Samsung to build biggest chip factory in Pyeongtaek
Posted : 2015-05-07 16:42
Updated : 2015-05-07 19:55
President Park Geun-hye talks to Samsung Electronics Vice Chairman Lee Jae-yong after a groundbreaking ceremony for the company's new semiconductor factory in Pyeongtaek, Gyeonggi Province, Thursday. / Yonhap
By Yoon Sung-won
Samsung Electronics held a groundbreaking ceremony for the world's largest semiconductor factory in Pyeongtaek, Gyeonggi Province, Thursday.
The company said it will invest 15.6 trillion won ($14.35 billion) in building the first manufacturing line by 2017, under the Park Geun-hye administration's economic vitalization and deregulation drive.
The company revealed its goal to become the world's top semiconductor manufacturer.
"Based on the state-of-the-art semiconductor manufacturing cluster in Giheung, Hwaseong and now Pyeongtaek, we aim to become the largest semiconductor company in the world," said Samsung Electronics Vice Chairman Kwon Oh-hyun in a speech during the ceremony at the Godeok International New Town industrial complex.
Samsung Electronics has led the global memory chip market for the last 22 years. According to global market researcher IHS, the company ranked in second spot in total semiconductor production last year with a 10.7 percent share, following Intel's 14.1 percent.
Its sales from the semiconductor business reached 29.3 trillion won last year.
The 15.6 trillion won investment is the largest ever made by a local conglomerate for a single semiconductor facility.
Citing data from the Bank of Korea, the company said the investment is expected to generate industrial production worth 41 trillion won and create 150,000 new jobs. It also anticipated the new complex will facilitate related industries such as materials and manufacturing equipment.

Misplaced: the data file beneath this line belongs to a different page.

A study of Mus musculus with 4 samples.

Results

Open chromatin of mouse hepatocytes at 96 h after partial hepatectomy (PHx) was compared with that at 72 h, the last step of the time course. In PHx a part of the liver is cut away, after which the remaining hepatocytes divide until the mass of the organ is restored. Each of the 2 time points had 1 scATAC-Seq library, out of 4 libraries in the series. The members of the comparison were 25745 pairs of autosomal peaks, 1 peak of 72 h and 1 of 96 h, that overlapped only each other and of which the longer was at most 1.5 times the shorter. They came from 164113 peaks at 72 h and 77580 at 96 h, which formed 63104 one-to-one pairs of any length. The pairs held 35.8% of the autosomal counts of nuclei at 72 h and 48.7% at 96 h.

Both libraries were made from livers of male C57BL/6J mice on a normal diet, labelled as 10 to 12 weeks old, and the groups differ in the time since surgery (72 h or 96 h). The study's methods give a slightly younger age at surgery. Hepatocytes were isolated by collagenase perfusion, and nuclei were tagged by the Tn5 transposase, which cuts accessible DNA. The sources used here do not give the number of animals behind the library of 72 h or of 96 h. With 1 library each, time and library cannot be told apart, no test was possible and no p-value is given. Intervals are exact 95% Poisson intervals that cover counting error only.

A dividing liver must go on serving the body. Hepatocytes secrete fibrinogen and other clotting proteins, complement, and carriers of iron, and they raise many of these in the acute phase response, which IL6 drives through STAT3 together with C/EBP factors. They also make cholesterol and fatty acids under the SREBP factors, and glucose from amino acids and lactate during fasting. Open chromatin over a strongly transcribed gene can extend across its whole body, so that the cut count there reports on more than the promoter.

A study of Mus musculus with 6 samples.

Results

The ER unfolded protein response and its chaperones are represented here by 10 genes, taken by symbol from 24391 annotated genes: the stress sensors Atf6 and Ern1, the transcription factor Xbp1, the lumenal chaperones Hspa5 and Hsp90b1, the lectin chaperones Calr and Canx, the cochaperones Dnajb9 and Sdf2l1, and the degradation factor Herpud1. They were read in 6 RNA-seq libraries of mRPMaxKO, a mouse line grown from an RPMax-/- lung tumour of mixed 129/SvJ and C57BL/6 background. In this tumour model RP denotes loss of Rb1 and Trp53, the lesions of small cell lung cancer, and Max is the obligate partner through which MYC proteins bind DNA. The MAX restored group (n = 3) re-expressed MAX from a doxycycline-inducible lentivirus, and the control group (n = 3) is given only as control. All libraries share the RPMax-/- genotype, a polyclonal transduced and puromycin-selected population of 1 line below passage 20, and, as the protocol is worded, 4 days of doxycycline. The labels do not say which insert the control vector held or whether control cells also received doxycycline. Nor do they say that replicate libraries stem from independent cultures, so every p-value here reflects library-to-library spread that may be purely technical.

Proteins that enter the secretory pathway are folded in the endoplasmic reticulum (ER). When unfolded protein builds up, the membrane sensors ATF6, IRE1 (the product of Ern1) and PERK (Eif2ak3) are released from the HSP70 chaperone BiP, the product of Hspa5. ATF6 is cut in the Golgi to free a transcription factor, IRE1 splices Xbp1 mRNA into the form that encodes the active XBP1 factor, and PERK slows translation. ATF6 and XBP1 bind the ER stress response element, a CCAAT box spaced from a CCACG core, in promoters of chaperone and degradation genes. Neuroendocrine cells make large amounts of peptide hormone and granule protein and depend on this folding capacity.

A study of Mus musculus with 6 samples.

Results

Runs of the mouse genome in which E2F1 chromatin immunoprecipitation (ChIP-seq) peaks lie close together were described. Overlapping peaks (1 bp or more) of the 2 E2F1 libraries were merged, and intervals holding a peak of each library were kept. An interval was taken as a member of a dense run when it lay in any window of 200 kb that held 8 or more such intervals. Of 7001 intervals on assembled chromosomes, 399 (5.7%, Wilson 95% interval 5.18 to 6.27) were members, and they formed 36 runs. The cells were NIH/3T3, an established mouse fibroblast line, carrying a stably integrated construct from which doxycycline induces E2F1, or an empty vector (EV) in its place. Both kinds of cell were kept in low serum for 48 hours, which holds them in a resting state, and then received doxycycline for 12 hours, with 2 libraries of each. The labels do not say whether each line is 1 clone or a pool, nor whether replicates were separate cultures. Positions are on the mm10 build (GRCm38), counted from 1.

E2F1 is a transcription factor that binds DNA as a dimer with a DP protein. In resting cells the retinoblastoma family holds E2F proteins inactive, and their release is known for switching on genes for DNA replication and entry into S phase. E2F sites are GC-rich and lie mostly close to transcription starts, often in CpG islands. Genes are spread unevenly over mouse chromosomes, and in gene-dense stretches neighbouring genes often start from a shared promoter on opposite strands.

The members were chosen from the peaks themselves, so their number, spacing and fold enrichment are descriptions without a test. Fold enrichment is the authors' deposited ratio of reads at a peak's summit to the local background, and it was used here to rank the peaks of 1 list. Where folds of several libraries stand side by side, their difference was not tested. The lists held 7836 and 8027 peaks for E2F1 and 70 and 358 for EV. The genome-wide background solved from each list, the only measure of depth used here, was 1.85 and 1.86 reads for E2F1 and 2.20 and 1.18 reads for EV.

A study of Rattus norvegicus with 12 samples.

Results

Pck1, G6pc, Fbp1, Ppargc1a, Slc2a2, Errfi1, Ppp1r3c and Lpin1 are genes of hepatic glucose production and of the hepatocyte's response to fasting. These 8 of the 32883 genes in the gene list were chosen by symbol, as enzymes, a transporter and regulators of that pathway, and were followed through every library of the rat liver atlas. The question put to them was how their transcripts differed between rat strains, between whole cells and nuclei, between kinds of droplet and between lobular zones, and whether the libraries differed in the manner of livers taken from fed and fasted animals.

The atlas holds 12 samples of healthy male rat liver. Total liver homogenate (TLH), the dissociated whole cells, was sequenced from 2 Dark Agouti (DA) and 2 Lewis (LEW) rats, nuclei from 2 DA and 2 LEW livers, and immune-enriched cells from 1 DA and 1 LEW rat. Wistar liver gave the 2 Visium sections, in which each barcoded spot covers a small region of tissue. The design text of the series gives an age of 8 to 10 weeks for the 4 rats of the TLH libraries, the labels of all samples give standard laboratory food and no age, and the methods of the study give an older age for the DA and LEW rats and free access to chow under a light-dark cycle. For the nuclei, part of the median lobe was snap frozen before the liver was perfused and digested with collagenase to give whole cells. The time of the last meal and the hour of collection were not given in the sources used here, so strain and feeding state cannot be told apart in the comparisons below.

When asked about further investment, division president Kim Ki-nam said, "Hopefully, I can make more."
The new semiconductor manufacturing complex's gross area is 2.89 square kilometers. The size is comparable to the combined areas of the company's other two complexes in Giheung and Hwaseong.
Samsung Electronics is producing DRAM memory chips at its Hwaseong plant and system semiconductor products at facilities in Giheung and Austin in the United States. It is also manufacturing V-NAND memory products in its Xian plant in China.
The company said the Pyeongtaek line will play a key role in producing semiconductor products for the expanding mobile device and server equipment market as well as the rapidly emerging Internet of Things sector.
Kim confirmed that the new manufacturing line will increase the company's semiconductor production capacity by 10 percent once it starts operating in the first half of 2017.
"We will run it depending on market conditions. Just operating it does not mean that we can have full capacity," he said.
The company has not decided whether the Pyeongtaek plant will focus on memory chips or system semiconductor products.
Samsung Electronics agreed with Gyeonggi Province in October to make the investment. The company said the decision was made a year earlier than originally planned, following the government's policy to vitalize the regional economy through deregulation.
The government promised to establish power supply infrastructure for the complex by the end of 2016 and secure a stable industrial water supply also. It also streamlined the permission process to attract manufacturers.
At the ceremony, President Park Geun-hye urged the public and private sectors to join together to vitalize the economy.
"The economy faces negative factors such as a global economic slowdown, fluctuation in oil prices and sluggish domestic demand. Our manufacturing industry is also undergoing difficulties in dealing with challenges in the United States, Europe and China amid a weak yen," Park said.
"The government and industries must work with one mind. Political parties should also work for national reform, leaving the interest of each party behind."
The President said local industries should expand investment to create jobs and facilitate domestic demand, jump into high value-added businesses, and encourage mutual growth with partners to boost competitiveness.